Dim sum debt leapfrogs rivals to be best in Asia

PUBLISHED : Friday, 28 December, 2012, 12:00am
UPDATED : Friday, 28 December, 2012, 4:14am



Corporate yuan-denominated securities sold outside the mainland gained 6.2 per cent in 2012, more than returns on local currency company bonds from any other Asian country, according to HSBC indices. Dim sum debt beat the 4.8 per cent on non-government Hong Kong dollar notes and the 4.7 per cent increase in similar corporate debt denominated in Singapore's currency, the indices show. The yuan notes lost more than 2 per cent in 2011, the data shows.

Goldman Sachs raised its 2013 growth expectations for China to 8.2 per cent, after factory production grew faster than expected. Western Asset expects growth of between 7 per cent and 8 per cent, compared with an annual pace of 7.4 per cent in the third quarter.

"China will successfully steer through the global head winds," Chia-Liang Lian, Singapore-based head of investment management for Asia excluding Japan at Western Asset, said at a briefing in Hong Kong this month. Dim sum "bonds are one of several pockets of value that we feel compelled to exercise as we go into 2013", he said.

New World China Land's 8.5 per cent yuan bonds due April 2015, which have the largest weighting in HSBC's non-government index for offshore China debt, returned 11.7 per cent this year. The Hong Kong-based developer of mainland properties is "cautiously optimistic" about the market on the mainland after earnings rose 2 per cent for the year to June 30.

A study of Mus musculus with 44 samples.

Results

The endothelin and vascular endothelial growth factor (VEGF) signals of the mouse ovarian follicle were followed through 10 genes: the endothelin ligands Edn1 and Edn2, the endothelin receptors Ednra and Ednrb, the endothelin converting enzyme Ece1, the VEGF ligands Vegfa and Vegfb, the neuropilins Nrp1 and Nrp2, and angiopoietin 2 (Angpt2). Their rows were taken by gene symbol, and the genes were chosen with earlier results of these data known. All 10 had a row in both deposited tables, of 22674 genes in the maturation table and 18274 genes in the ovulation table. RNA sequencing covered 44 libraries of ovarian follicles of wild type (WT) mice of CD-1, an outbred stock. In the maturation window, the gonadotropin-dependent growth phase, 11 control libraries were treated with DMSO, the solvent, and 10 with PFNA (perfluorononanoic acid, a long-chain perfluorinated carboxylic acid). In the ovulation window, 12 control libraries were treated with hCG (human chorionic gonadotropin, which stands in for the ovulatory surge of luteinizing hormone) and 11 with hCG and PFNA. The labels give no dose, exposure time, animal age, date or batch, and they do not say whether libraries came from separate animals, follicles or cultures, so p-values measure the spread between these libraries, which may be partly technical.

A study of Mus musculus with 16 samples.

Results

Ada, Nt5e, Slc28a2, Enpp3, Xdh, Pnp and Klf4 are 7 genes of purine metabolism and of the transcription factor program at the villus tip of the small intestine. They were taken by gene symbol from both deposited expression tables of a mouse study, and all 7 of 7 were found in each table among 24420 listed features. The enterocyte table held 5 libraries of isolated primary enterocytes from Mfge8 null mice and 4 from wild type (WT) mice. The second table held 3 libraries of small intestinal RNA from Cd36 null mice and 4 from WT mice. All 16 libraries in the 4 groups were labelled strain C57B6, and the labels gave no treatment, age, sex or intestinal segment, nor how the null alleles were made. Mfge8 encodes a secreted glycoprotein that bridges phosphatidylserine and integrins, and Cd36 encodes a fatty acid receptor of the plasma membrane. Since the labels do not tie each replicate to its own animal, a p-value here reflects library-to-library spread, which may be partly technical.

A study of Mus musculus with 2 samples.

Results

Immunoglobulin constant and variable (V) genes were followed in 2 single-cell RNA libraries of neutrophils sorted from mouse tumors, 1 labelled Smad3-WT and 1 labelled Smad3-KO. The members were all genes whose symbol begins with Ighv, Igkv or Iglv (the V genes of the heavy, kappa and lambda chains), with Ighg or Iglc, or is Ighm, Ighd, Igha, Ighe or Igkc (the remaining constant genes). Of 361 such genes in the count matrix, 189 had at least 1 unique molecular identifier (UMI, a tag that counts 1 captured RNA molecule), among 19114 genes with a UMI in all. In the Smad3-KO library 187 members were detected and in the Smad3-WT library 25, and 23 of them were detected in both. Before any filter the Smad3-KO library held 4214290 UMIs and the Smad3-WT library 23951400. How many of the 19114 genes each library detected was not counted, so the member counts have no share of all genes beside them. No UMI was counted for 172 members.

Average property prices may increase by 7.8 per cent next year, according to a report last week from Soufun Holdings, the country's biggest real estate website owner. The government will support home buying for use by the purchaser while continuing curbs on speculation and investment, Xinhua reported last week.

Stimulus measures to support China's economy boosted growth in East Asia's emerging nations this year and may continue to do so in 2013, Bert Hofman, the World Bank's chief economist for East Asia and the Pacific region, said last week. Local-currency government bonds from India, Indonesia and the Philippines all gained more than 8 per cent this year, HSBC's gauges show.

The cost of insuring China's debt against non-payment with credit-default swaps has fallen 82 basis points this year to 65 basis points as of December 26, according to data provider CMA.

The yuan has appreciated 1 per cent this year, as of December 27, less than predicted in December 2011 but still more than the Hong Kong dollar, Indian rupee or Indonesian rupiah.